An ‘interesting challenge:’ Make the thinnest-film lubricant ever
The Lab News asked Mike Dugger (1824) for some additional Sandia context to the ultra-thin lubricant achievement. Here’s his story:
Our colleagues in component design presented us with an interesting challenge last fiscal year. New stronglinks (safety and security components) for the W76 and W80 life extension program would use designs with tolerances down to 2.5 microns on some dimensions.
The solid lubricant films typically used in these mechanisms to minimize wear and ensure consistent friction performance over the life of the component would require that parts be left undersized to allow for the thickness of the lubricant. A lubricant layer so thin that it can be ignored in the design, and yet produce low and consistent friction behavior, was needed. Commercial sputtered solid lubricant films would meet this requirement, but a process external to the weapon complex presents some challenges in terms of lead times, inspection, and qualification for the stockpile.
Metal dichalcogenide lubricants used in stronglinks operate by “transfer film” formation. Shear occurs between weak c-axis bonds in the crystal, forming an atomically thin layer of the lubricant on both sliding bodies even if initially placed on only one. We reasoned that a particle of MoS2 blasted at a metal surface in a stream of nitrogen (to minimize oxidation) would fracture and form the transfer film. Based a fundamental understanding of how these materials work, the process should also be quite robust since additional lubricant will not tend to stick to the sulfur-terminated surface that forms. In other words, the lubricant thickness should be self-limiting.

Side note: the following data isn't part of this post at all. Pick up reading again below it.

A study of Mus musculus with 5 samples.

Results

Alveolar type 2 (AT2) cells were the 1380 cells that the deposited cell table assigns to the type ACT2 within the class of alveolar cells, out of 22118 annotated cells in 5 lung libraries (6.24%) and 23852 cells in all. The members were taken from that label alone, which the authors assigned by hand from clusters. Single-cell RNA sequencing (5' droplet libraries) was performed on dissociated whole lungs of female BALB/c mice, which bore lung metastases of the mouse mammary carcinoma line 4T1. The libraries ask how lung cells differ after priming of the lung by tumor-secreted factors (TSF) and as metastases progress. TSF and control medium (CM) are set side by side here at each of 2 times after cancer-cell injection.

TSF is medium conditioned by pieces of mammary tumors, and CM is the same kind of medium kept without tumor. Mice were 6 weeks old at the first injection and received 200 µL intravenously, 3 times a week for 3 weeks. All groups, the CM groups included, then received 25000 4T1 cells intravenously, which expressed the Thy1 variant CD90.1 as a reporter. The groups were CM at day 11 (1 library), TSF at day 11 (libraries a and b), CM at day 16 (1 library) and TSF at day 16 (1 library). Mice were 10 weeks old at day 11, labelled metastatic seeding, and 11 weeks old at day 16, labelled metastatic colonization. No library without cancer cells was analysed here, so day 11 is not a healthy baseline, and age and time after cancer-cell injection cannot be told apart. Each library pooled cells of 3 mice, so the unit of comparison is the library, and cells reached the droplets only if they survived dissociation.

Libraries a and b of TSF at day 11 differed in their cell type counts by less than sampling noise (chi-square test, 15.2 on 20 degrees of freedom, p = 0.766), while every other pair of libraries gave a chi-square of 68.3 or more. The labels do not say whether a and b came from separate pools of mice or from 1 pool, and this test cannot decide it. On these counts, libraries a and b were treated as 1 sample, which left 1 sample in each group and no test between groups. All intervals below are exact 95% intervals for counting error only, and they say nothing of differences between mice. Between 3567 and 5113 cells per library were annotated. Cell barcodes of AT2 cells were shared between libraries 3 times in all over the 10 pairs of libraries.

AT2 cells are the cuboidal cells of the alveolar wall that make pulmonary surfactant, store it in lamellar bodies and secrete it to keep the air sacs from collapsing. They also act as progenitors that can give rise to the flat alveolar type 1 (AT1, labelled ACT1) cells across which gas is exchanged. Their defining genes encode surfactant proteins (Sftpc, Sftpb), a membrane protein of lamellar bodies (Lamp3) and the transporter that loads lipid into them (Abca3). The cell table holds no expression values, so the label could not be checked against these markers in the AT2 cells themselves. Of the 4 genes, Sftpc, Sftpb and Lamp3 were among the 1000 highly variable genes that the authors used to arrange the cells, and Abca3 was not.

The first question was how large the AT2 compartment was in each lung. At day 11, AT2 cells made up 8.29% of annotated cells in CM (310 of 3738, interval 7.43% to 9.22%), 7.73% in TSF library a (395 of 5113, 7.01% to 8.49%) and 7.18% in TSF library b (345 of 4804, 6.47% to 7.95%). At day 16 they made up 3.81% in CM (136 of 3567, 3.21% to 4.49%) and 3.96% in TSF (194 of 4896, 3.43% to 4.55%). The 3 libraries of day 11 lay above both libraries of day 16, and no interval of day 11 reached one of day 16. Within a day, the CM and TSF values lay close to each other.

The staff at Honeywell have done a great job implementing this idea, and our measurements show that we get friction coefficients around 0.03 in nitrogen, where these films will operate. The previous resin-bonded lubricant gave a friction coefficient of about 0.10 under the same conditions.
We have examined this film on complex mechanism parts as well as bearings, and it appears to perform well. This process should be amenable to any surface that can be reached with a line-of-sight gas stream. We are also working under an LDRD on other approaches for forming thin films conformally on hidden interfaces.